As you age, your greatest health advocate is often the person staring back at you in the mirror. While preventive care and regular doctor visits are vital to your health, the key to much of your wellness rests in the hands of the doctor in the mirror — that esteemed, brilliant and intuitive authority figure we’ll call “Dr. You.”
Perhaps the single most important thing “Dr. You” can do to establish a sense of empowerment about the aging process is cast a “personal health safety net.” That meshwork is woven from the relationships in your life — family, friends, community, public and private services — and it’s the good doctor’s job to ensure that net is as rugged and strong as can be. What’s a net, after all, but a series of individual strands, each of which might not be especially strong on its own, that becomes more durable and resilient when sewn together?
The good doctor needs to be a tough-minded interrogator as he or she goes about constructing this net, because the process begins by taking a dispassionate personal inventory. What is the state of my health and what do I want it to be? What are the barriers that keep me from optimal health? What resources do I need and who can help me? Who is the best doctor for me and which is the best hospital? Am I too ill to be cared for at home or do I need more support? If I am a full-time caregiver for an aging loved one, could I use some assistance myself? If so, where can I find that needed support?
While everyone’s safety net will look different, we can all work off the same template. Imagine a dart board. If your home lives at the bull’s-eye, the ring around your home is composed of family and friends. Next comes your community, including neighbors and volunteers from your place of worship, civic and social organizations, etc. Finally, the outer ring houses public and private services, which are often provided by state and federal government agencies, non-profit organizations, and individuals and companies that offer in-home health care.
If you have a comprehensive safety net, your support system will remain strong even when one strand grows weary or frayed. Say your daughter is a working mom in her 40s who lives an hour away and can’t transport you to and from every doctor’s appointment. If you have a strong safety net in place, another relative, close friend, volunteer or health care professional will be there to help when your daughter can’t be.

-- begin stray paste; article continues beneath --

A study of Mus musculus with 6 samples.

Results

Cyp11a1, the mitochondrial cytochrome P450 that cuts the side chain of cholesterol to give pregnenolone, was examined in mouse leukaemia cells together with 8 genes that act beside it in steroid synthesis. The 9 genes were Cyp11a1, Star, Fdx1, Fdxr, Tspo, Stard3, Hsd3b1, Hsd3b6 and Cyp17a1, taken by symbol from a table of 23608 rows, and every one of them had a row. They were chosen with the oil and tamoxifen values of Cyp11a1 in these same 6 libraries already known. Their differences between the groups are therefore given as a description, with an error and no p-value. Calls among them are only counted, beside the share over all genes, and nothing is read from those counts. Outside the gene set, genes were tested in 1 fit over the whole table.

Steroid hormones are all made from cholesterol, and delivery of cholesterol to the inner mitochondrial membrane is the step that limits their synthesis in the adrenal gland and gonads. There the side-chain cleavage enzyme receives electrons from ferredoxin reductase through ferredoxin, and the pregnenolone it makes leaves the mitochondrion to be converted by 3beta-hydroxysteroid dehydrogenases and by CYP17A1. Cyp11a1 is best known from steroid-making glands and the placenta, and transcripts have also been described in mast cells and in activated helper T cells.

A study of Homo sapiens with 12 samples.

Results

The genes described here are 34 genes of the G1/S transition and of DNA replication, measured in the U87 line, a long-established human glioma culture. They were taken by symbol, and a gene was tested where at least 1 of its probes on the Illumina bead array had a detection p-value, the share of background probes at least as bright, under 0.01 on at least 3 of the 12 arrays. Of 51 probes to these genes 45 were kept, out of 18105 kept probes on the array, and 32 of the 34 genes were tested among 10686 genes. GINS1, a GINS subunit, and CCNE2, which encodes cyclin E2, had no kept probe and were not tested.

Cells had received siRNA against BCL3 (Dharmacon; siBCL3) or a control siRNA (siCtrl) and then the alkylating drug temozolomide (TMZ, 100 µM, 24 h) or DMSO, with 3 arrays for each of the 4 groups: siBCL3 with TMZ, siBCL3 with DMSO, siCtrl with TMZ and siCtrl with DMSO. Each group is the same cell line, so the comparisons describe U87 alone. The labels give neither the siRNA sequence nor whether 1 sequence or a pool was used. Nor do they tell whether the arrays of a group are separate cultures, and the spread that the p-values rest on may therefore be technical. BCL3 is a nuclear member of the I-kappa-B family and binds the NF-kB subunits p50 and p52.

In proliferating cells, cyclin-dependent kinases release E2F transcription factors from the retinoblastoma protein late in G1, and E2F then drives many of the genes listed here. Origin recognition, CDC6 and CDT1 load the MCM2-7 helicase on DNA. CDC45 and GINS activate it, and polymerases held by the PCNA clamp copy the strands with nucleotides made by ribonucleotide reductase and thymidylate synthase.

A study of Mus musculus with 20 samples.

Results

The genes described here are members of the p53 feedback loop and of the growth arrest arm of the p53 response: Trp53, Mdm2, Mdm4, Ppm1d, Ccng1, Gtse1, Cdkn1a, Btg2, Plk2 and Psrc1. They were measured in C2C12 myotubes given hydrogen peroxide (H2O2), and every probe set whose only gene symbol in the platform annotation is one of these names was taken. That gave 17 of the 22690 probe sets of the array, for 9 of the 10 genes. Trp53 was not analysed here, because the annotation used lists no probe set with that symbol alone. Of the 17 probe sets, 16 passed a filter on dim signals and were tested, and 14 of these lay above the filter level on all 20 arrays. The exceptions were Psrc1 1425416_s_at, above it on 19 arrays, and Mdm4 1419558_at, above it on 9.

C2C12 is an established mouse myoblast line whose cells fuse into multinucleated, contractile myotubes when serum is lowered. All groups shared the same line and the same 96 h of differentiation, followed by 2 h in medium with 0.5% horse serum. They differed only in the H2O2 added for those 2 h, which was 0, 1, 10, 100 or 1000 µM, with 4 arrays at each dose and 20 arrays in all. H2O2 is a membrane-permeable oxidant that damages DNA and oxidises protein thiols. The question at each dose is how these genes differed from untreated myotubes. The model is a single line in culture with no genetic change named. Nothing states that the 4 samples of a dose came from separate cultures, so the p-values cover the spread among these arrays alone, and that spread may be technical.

Sometimes caregivers need safety nets themselves. Recent statistics show that 57 percent of long-term caregivers are in the workforce, adding significantly to their responsibilities. Many of these unsung heroes are forced to take leaves of absence from work — or quit altogether — due to the competing demands of career, family and caring for an elderly person. It is enormously important for prospective long-term caregivers to have honest conversations with others in the safety net. Can that person commit the time and energy the role demands? Is his/her home equipped for such care? Does he/she fully understand the illness and the care it will require? Some excellent resources for would-be caregivers include: the Family Caregiver Alliance, the National Alliance for Caregiving, the Full Circle of Care and AARP.
Public and private services are also essential to the integrity of your health safety net. By weaving them into your net, you can begin to take some of the strain off friends, family and loved ones. The Administration on Aging, www.aoa.gov, is a wonderful resource for locating government-sponsored services. Their mission is to develop a comprehensive, coordinated and cost-effective system of home- and community-based services that help elderly individuals maintain their health and independence. The Administration’s Eldercare Locator, www.eldercare.gov, is an especially helpful resource. Also check out the Area Agency on Aging, www.services4aging.org, to find local services in your area that can assist with grocery shopping, home cleaning and transportation. The National Council on Aging’s Benefits Checkup, www.benefitscheckup.org, is another good tool to help determine your eligibility for a wide variety of public and private benefits.
As you can likely guess, compiling a list of loved ones and organizations is just the first step in pulling together your personal health safety net. You also need skills, including the ability to talk openly and honestly about sensitive subject matter, an enormous amount of patience, and, ultimately, the ability to accept that having independence might not be synonymous with living independently.
What’s most important is recognizing the value and necessity of the safety net concept, acknowledging that you can’t do it all alone, and learning to accept caregiving support. Only when you’ve truly embraced this concept will your safety net be as rigorous and all-encompassing as it could be.